BUILD

Adopt relational contracting to promote a collaborative project environment instead of one based on conflict.

The default contractual approach to construction projects is one founded on risk rather than collaboration. This flawed practice has been a root cause of low productivity in the industry, with stakeholders focused on protecting their own interests instead of working together to develop the best outcome. Owner organizations are often guilty of focusing on risk transference to contractors instead of viewing their supply chain as a strategic partnership.

 


Private-sector project owners are leading the move toward greater collaboration. For the public sector to fully engage, it will need to move away from relying on punitive contracts and develop the capabilities to ensure that public interest is being protected. Across both the public and private sectors, this transformation will require owner organizations to become more sophisticated contributors in the design and construction process. To realize the benefits, this change will also require more data transparency and the involvement of stakeholders earlier in the project.

“The pace of change of innovation and technology growth has to be matched by an adequate improvement in the pace of process innovation and sophistication as well. And we’re seeing the emergence or the need for a common platform for owners, developers, contractors, and subcontractors to speak a common language, function around a common contract, and have common incentives.”

—Mukund Sridhar, Partner, McKinsey & Company

Make skill- and capability-building activities an ongoing practice.

The construction industry has a series of capability gaps that need to be resolved to improve productivity and performance. Currently, young engineers tend to be moved from one project to the next, without exposure to the wider project ecosystem. They are thus unequipped for weathering challenges associated with building and leading a successful team. In particular, participants cited stakeholder management, conceptual thinking, and owner project management skills as core areas where improvement is needed.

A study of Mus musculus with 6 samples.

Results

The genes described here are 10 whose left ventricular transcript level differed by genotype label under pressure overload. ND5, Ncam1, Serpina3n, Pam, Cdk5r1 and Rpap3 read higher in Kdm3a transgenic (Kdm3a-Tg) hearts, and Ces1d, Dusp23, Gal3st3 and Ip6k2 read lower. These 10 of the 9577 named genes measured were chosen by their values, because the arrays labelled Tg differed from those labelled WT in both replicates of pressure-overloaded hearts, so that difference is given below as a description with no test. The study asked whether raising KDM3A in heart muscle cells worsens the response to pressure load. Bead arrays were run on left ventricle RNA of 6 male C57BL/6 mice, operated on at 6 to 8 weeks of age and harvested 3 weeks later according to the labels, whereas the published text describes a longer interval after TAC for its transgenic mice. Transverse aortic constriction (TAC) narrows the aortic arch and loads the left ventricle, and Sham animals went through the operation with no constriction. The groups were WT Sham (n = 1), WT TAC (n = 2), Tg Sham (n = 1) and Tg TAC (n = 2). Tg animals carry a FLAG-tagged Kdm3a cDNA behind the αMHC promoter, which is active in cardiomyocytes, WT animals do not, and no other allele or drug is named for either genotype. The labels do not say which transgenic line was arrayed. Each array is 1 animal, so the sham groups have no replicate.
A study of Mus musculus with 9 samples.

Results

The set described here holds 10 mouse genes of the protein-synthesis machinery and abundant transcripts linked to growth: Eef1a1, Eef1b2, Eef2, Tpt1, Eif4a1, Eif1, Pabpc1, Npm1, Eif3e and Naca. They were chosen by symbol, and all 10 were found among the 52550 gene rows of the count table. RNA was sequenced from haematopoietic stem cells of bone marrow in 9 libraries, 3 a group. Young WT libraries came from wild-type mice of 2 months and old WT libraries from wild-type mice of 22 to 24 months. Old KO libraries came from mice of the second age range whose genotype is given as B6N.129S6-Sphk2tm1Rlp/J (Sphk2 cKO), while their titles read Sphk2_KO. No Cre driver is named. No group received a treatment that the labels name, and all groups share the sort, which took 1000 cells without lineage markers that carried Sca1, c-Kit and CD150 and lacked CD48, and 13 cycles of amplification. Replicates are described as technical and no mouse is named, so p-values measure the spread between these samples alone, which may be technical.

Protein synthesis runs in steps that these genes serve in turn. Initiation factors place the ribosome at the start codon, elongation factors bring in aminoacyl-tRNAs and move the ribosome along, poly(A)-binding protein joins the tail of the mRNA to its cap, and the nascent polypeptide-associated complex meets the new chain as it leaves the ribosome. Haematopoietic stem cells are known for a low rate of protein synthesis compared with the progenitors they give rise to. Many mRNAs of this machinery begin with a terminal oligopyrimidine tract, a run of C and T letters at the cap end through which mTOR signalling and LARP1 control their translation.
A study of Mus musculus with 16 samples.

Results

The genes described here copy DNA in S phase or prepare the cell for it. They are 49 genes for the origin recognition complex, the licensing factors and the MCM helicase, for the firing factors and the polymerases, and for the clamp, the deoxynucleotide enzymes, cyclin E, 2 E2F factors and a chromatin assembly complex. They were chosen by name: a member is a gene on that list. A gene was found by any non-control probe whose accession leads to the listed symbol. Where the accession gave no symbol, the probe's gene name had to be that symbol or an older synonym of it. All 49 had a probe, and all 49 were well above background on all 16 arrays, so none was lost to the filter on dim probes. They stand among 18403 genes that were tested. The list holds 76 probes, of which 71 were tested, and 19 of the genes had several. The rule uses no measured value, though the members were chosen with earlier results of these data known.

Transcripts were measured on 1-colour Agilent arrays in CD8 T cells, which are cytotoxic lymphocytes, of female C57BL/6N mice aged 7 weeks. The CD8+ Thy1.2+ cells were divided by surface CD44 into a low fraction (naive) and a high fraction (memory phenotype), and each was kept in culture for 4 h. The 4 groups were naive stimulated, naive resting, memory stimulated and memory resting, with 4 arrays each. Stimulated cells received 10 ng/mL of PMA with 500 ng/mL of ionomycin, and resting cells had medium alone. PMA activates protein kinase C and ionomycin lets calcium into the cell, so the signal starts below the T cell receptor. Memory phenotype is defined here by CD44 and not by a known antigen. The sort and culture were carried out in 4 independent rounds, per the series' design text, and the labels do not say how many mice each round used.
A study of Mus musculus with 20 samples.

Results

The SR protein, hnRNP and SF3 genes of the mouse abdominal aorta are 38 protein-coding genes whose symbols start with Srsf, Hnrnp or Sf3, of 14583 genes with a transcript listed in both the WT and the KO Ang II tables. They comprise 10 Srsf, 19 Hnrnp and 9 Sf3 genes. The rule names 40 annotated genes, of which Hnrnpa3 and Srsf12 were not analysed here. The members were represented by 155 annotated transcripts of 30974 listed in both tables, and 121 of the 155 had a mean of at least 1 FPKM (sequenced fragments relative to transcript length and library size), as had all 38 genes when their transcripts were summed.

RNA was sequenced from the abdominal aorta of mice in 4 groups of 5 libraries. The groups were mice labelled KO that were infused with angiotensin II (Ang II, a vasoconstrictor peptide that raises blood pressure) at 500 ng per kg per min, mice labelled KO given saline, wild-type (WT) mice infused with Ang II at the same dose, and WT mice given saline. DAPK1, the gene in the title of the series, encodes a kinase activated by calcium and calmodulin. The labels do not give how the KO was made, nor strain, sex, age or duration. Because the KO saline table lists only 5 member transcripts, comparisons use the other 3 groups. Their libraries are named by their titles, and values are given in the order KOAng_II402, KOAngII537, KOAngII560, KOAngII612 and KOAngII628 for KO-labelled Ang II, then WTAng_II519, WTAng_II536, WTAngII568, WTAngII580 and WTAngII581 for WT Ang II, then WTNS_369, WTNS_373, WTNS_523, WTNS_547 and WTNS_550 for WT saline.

Organizations should start looking at different ways of upskilling their workforce by supporting employees’ participation in continuing education such as MBA or apprenticeship programs in a range of industries. Participants expressed optimism that these young employees are more likely to stay in the industry when equipped with the right skills to perform.

I think it’s very clear that organizations need to think about changing their culture. I think they need to develop a learning culture, a purpose-driven culture, and a collaborative culture.

Learn from other industries to embrace rapidly evolving technologies and create a culture of innovation.

The future of construction


For example, off-site modular construction has become prevalent in the affordable housing market. In the United States, Katerra has dramatically reduced materials waste by moving work from construction sites to manufacturing facilities. At the other end of the spectrum, Bechtel’s Curtis Island development successfully deployed industrial modularization, enabling the construction of a project that would have been significantly more complex through conventional means. We are also seeing technological developments—such as drone-enabled 3-D models being used throughout the life cycle in some countries, including China and India.


Digitalization through 5-D BIM technology combined with prefabrication in modular construction will be the keys to helping our industry catch up with advanced industries.